May 17 marked the 59th anniversary of the landmark Supreme Court decision of Brown v. Board of Education, which unanimously held that the segregation of children in public schools violated the Fourteenth Amendment. The court found that segregated schools were in violation because they provided unequal opportunities, negatively impacting poor and minority students relegated to under resourced schools.
This decision upheld the spirit of the Declaration of Independence and the founding principles of our country—that all individuals deserve an equal opportunity “…We hold these truths to be self-evident, that all men are created equal…” notes the opening passage of the Declaration. “With certain unalienable Rights… Life, Liberty, and the pursuit of Happiness…” Fundamental to the quest of life, liberty, and the pursuit of happiness is the chance to receive an excellent education—the foundation needed to achieve and succeed in our society.
Brown v. Board of Education was an attempt to correct the unfortunate inequalities that have existed since our country was founded centuries ago. Since then we have looked to cases like Brown and legislation such as the Civil Rights Act of 1964 to level the playing field and recognize each of us not as black, brown, white or other but simply as Americans.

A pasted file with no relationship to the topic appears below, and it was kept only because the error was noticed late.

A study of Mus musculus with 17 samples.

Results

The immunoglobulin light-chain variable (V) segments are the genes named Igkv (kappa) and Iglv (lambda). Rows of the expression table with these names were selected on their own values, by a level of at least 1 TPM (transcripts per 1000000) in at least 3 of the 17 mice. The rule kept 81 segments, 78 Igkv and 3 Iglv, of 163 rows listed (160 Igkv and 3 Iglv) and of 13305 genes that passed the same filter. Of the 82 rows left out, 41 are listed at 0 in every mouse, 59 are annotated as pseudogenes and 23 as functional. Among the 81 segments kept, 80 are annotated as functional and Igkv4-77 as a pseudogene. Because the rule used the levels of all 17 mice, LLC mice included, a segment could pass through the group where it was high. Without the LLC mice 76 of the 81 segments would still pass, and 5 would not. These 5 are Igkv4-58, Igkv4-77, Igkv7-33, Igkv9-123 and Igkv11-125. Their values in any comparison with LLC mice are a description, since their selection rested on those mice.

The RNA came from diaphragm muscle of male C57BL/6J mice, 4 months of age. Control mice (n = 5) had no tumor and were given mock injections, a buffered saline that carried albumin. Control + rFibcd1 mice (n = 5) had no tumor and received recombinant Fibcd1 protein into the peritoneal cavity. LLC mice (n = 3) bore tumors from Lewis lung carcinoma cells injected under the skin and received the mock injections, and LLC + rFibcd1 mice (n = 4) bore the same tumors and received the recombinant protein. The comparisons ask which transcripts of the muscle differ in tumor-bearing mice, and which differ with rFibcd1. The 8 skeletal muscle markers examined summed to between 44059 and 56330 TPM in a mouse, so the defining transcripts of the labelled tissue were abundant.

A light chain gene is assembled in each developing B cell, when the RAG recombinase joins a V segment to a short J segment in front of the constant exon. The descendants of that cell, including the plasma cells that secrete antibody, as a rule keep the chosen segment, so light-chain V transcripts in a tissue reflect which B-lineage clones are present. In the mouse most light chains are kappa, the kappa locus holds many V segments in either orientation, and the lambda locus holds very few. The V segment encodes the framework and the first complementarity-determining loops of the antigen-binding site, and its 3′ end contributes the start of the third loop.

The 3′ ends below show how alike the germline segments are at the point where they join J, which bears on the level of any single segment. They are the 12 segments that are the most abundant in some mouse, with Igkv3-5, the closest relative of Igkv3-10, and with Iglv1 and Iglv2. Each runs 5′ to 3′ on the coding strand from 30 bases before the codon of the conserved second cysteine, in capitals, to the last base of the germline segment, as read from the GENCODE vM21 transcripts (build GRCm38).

Since stepping into office President Obama has charged us all to work towards a country that is “more fair, more just, and more equal for every single child of God.” This has been recently evident in his “Preschool for All” proposal which calls on the Administration to partner with states in making access to high-quality early learning a reality for every four-year-old in America. A zip code should never predetermine the quality of any child’s educational opportunities. Yet studies show that children from low-income families are less likely to have access to high-quality early education, and less likely to enter school prepared to thrive in school.
Nearly 60 years since the Brown v. Board of Education decision, however, African American students continue to lack equal access to a high quality education and still lag far behind their white peers in reading and math proficiency, high school graduation rates, and college completion.
While much work has already been done to ensure all students, have a high quality education, there is still much more work to do and we are making improvements. A decade ago, 2.6 million students attended so-called, “dropout factories”. Today, there are a million fewer students attending these chronically failing schools.
At the President’s direction, The White House Initiative on Educational Excellence for African Americans is working to uplift the promise of Brown and is eagerly supporting the president’s continued commitment to investing in African American students, and the institutions and the individuals that educate them.
For more information please visit: http://www.ed.gov/edblogs/whieeaa/
Andrew Edghill is a Senior Political Science student at Savannah State University. He is currently a Summer Intern with the White House Initiative on Educational Excellence for African Americans.